With the first quarter of 2011 behind us, DSC is proud to report that business has returned to what it was before the national recession. Almost eight months after taking delivery of their new 24” cutter suction dredge, the Port of New Orleans reports the honeymoon phase has yet to wear off. The Port is especially pleased with the significant fuel savings the new dredge provides. The 24” cutter suction dredge uses one-third of fuel the Port was used to consuming, while producing at a much higher rate. The Port is quite proud of the significant savings as the cost of fuel continues to rise. The fuel efficiency is attributed to the dredge’s modern GE engine. The Port has also grown fond of the new dredge’s rake feature, which is located on the stern of the dredge. This feature makes pushing the dredge upriver a much simpler task. With the addition of an elevated walkway, boarding the dredge is also much easier. The Mississippi River stages fluctuate between 2-16 feet and because of this inconsistency, boarding the dredge used to be somewhat problematic. However, this inconvenience was considered in the new design and now the Port’s crew can board quite easily without having to climb several series of staircases.
The dredge also boasts self-contained access to the engine room, galley, lever room, onboard offices, and work area. Being able to access multiple areas by way of an indoor staircase is especially practical in southern Louisiana where rain frequents the forecast. The Port notes that the addition of DSC’s Maximizer suction relief system has allowed them to avoid a lot of potential downtime. This system is designed to assist the operator in achieving maximum production, while reducing the chance of a plugged line. It incorporates a pneumatically controlled butterfly valve that is plumbed into the suction of the dredge. The system automatically responds to suction problems, including vacuum (differential pressure) and discharge pressure. In order to maximize its productive use, desired points to activate the suction valve can be adjusted through the PLC. In addition to dredge vacuum, which is primarily used to control the Maximizer, the system is designed to utilize data from discharge pressure, flow meters, and production meters.
All and all the Port of New Orleans couldn’t be more pleased with their ultra-modern cutter suction dredge. The numerous improvements have allowed the Port to save time and money, making this purchase a particularly good investment.
On the other side of the world, the largest and most modern dredge in Bangladesh arrived in Chittagong in February 2011. The DSC 24” Dual Pump Marlin Class dredge, equipped with a 23 m digging depth capability, is the deepest digging dredge in the country and is one of two units ordered by the Bashundhara Dredging Company in Dhaka. In addition to the two powerful dredges, a DSC multipurpose workboat was also delivered to support dredging operations.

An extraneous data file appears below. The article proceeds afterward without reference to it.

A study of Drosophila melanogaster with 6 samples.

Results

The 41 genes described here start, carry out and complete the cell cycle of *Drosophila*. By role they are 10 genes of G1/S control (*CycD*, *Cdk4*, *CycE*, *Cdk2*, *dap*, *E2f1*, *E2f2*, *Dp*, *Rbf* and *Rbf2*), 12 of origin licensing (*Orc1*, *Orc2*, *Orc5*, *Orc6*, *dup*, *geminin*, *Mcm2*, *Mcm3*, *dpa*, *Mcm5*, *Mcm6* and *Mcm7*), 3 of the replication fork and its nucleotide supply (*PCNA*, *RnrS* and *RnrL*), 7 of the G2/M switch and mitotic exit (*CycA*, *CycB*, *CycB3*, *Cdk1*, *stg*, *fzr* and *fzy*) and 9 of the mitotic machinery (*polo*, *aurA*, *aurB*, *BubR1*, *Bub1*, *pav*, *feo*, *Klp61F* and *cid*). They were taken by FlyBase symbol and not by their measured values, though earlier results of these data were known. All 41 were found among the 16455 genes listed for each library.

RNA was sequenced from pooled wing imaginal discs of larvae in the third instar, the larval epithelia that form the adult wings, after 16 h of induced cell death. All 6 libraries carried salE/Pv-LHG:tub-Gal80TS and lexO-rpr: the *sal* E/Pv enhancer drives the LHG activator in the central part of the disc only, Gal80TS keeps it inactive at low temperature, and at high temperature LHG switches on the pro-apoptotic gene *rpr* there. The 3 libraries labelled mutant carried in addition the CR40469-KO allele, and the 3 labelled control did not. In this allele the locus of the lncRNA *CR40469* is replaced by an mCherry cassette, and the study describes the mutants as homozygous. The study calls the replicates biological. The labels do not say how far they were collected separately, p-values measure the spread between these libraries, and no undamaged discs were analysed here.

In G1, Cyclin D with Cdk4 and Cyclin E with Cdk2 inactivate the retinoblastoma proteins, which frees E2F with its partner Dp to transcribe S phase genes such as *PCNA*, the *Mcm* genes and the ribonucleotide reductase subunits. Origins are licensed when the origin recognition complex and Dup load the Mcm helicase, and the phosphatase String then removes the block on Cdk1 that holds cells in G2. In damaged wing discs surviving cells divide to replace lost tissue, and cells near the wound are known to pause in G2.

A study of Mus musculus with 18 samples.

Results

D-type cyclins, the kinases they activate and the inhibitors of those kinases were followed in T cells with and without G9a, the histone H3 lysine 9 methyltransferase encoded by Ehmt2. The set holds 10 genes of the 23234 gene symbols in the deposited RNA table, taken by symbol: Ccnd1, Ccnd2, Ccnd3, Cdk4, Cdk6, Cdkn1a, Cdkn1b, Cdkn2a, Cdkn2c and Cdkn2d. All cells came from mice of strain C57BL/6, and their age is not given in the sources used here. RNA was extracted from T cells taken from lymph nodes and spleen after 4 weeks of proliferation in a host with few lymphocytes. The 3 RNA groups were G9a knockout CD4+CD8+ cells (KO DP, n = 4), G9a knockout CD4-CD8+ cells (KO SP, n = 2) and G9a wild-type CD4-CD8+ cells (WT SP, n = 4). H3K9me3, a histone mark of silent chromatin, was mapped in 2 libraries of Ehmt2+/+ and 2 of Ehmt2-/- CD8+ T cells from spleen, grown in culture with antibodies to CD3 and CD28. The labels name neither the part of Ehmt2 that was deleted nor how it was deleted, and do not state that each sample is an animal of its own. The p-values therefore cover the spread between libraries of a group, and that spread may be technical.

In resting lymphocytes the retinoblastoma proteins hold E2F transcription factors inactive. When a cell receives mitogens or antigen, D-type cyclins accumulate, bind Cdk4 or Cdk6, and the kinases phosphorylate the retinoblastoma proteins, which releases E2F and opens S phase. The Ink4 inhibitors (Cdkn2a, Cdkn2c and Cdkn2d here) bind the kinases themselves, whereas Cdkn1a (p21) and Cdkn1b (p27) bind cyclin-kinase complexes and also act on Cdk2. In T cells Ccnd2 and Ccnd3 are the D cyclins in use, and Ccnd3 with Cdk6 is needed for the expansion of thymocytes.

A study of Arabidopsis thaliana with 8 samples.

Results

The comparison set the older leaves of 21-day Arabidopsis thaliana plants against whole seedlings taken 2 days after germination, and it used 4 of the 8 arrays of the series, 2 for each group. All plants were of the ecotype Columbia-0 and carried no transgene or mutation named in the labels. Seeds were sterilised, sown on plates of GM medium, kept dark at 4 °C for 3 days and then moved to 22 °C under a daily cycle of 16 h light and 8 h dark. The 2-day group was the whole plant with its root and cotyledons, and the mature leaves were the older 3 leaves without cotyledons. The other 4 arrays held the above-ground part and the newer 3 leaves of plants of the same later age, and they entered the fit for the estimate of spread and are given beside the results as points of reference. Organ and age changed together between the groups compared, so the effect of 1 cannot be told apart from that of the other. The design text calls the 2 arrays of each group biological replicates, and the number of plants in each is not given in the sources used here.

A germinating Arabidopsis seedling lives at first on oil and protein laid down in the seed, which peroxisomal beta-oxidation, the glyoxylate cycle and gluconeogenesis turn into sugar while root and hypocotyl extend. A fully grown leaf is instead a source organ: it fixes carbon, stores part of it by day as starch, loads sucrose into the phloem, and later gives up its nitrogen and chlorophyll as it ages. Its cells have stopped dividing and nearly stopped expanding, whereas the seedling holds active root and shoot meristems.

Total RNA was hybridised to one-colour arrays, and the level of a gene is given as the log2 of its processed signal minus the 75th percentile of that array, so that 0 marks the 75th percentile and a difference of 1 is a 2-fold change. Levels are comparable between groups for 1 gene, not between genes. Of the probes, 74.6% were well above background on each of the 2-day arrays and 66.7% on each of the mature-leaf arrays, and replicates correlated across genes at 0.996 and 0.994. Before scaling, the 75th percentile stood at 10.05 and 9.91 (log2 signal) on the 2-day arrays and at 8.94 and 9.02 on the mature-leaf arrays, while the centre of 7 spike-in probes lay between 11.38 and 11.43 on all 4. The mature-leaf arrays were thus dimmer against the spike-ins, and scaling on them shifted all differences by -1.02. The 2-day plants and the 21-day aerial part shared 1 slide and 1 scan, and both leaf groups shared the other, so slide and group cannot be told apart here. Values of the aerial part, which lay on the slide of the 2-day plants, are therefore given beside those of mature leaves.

DSC field engineer, Carl Agurcia, is currently onsite supervising the assembly and launch of the first dredge and workboat in the port of Chittagong. The dredge has performed flawlessly and has surpassed customer’s production expectations. “We are in the final stages of training the local crew in operations and maintenance and this dredge is causing a huge buzz in the area”, reported Carl. “Government officials, private companies and even our competitors are stopping by to see this dredge in action”. The second 24” Dual Pump Marlin is currently on a ship traveling to Chittagong and is scheduled to arrive the first week of May.
Across the globe in the state of Caldas, Colombia, CHEC Electric Company is thrilled to have their dredge in operation. The company purchased a 10” Wolverine dredge from DSC this past December to use in an environmental dredging project. The area relies on power generated from two dams that are fed by mountain rivers. Over time, the naturally occurring process has caused the dams to lose their capacity as sediment has filled in making the dams very shallow. In order to maintain electrical services, CHEC will dredge the dams to remove sediment and recover the dams’ volume. Following the dredge launch, CHEC’s employees received operator and maintenance training. The company reports that the dredge has exceeded their expectations and they are quite proud of their purchase.
DSC has graciously accepted the award of the Loup Power District contract. This dredge represents the first dustpan dredge (pictured left) to be manufactured under the DSC name. Expected to be delivered and placed in service in August 2011, the power company will use the dredge to maintain the canal that feeds the two hydroelectric plants that power the area. The new DSC custom dustpan dredge will replace the company’s existing unit, which was built in the 30s and has enjoyed a long, productive life.